By Pat Keegan and Brad Thiessen
Not everyone can replace their furnace with an air-source heat pump, but there are still ways to help you reduce your energy bills. If you’re renting or have a tight budget, you can try some of these low-cost options:
1. Mind the thermostat. You might be able to trim your energy bill by carefully managing the temperature in your home. The Department of Energy suggests setting your thermostat to 68 degrees on winter days. If that’s too cool, try other ways to stay warm like layering with an extra sweater. You can save more energy by turning down the thermostat even lower at night or when no one is home. The same principle works in reverse during summer months. Just set the thermostat higher to reduce your energy use for air conditioning.
2. Go programmable. If you don’t always remember to adjust your thermostat manually, you could benefit from a programmable model. In the right situation, set correctly, programmable thermostats can save $150 a year. Some programmable thermostats can be managed from a smartphone or other devices. Before you purchase one, make sure your landlord approves.
3. Try zone heating. If you don’t mind less-used rooms being colder, you could save energy and money by zone heating. Electric baseboards make it easy because they typically have thermostat settings on the units or in each room. Portable electric space heaters are also a good tool for zone heating if they are used safely and wisely in the area you spend the most time. Keep in mind, if you use space heaters, you need to reduce the heating you’re supplying to the rest of the home. Space heaters that are used incorrectly can be dangerous and increase energy costs. If your heating system needs to be replaced, talk to your landlord about installing a mini-split system, which is perfect for zone heating and cooling, and easier to install than a new duct and furnace system.
4. Stop air leaks. Small gaps around windows, doors, wiring and plumbing penetrations can be major sources of energy loss. This problem can be alleviated with a little weather stripping and caulk, but you should check with your landlord before you get started. Better yet, convince the landlord to do the work. A $10 door draft stopper (also known as a “door snake”) is a simple way to block gaps underneath exterior doors. Sealing air leaks around your home could shave up to one-fifth of your heating and cooling bills.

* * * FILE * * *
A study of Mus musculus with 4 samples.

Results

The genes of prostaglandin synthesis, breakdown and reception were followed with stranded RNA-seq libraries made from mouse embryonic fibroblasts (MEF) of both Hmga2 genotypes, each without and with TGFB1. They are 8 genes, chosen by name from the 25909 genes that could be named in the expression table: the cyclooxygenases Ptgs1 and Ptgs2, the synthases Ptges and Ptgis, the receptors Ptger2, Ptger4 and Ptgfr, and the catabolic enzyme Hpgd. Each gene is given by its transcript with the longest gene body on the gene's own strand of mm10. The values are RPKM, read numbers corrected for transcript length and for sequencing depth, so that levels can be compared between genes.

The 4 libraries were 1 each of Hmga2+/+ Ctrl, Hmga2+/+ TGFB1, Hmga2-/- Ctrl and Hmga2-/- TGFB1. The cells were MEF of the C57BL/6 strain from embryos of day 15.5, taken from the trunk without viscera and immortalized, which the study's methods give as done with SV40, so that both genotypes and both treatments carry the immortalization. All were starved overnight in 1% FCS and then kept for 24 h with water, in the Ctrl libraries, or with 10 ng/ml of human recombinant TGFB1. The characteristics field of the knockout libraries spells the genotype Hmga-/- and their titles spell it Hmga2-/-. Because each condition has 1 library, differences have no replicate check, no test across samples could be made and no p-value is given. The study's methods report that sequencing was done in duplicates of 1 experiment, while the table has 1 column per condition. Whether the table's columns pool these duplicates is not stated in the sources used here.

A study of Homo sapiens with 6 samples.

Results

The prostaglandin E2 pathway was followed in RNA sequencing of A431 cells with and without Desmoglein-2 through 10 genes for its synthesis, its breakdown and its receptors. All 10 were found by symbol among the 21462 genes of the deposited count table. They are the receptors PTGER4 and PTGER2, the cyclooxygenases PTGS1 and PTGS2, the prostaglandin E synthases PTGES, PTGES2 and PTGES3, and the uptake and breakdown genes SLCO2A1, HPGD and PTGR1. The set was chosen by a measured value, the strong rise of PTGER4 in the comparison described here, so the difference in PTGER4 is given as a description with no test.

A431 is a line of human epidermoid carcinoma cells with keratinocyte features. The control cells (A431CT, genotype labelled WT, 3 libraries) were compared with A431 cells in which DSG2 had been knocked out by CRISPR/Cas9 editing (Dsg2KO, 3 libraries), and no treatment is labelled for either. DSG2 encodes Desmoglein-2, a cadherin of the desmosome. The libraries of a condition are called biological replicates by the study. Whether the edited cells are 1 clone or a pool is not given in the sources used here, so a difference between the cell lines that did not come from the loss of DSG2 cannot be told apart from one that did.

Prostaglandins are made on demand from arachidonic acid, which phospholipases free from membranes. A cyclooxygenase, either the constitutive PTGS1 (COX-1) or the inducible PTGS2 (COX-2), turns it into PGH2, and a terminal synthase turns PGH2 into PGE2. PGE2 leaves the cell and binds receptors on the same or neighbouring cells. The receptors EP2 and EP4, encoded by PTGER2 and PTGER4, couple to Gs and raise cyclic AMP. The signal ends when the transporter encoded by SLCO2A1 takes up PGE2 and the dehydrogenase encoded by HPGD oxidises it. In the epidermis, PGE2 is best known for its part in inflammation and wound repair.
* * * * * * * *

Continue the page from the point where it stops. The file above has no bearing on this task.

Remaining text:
5. Manage your windows and window coverings. Your windows may be letting heat out during the winter and letting heat in during the summer. Window coverings like medium- or heavy-weight curtains and thermal blinds can help. On cold winter days, window coverings can keep warmth inside and improve comfort. Opening up window coverings when receiving direct sunlight is a ‘passive solar’ technique that can help cut your heating costs. You can also cover windows with clear plastic to reduce heat loss and air leaks. During the summer, keep window coverings closed to block the sun and keep windows from heating the cooler indoor air.
6. Look for energy wasters. There are also small steps you can take every day to reduce your energy use. Water heaters should be kept at the warm setting: 120 degrees. Wash dishes and clothes on the most economical settings that will do the job and always wash full loads. Use the microwave instead of the oven when possible.
7. Landlords (and others) can help. Hopefully these tips will help you reduce your energy bills and increase your comfort, but consider talking to your landlord about additional ways to save, like installing better insulation, energy efficient windows or heating systems. Many landlords make these types of investments to add appeal to their rental properties, which ultimately improve the value of the property. A home energy audit is the best way to identify areas for energy efficiency improvements. Contact your electric cooperative to see if they offer energy audits or if they can recommend someone local. An audit is a great way to start a conversation with your landlord about potential improvements.
This column was co-written by Pat Keegan and Brad Thiessen of Collaborative Efficiency.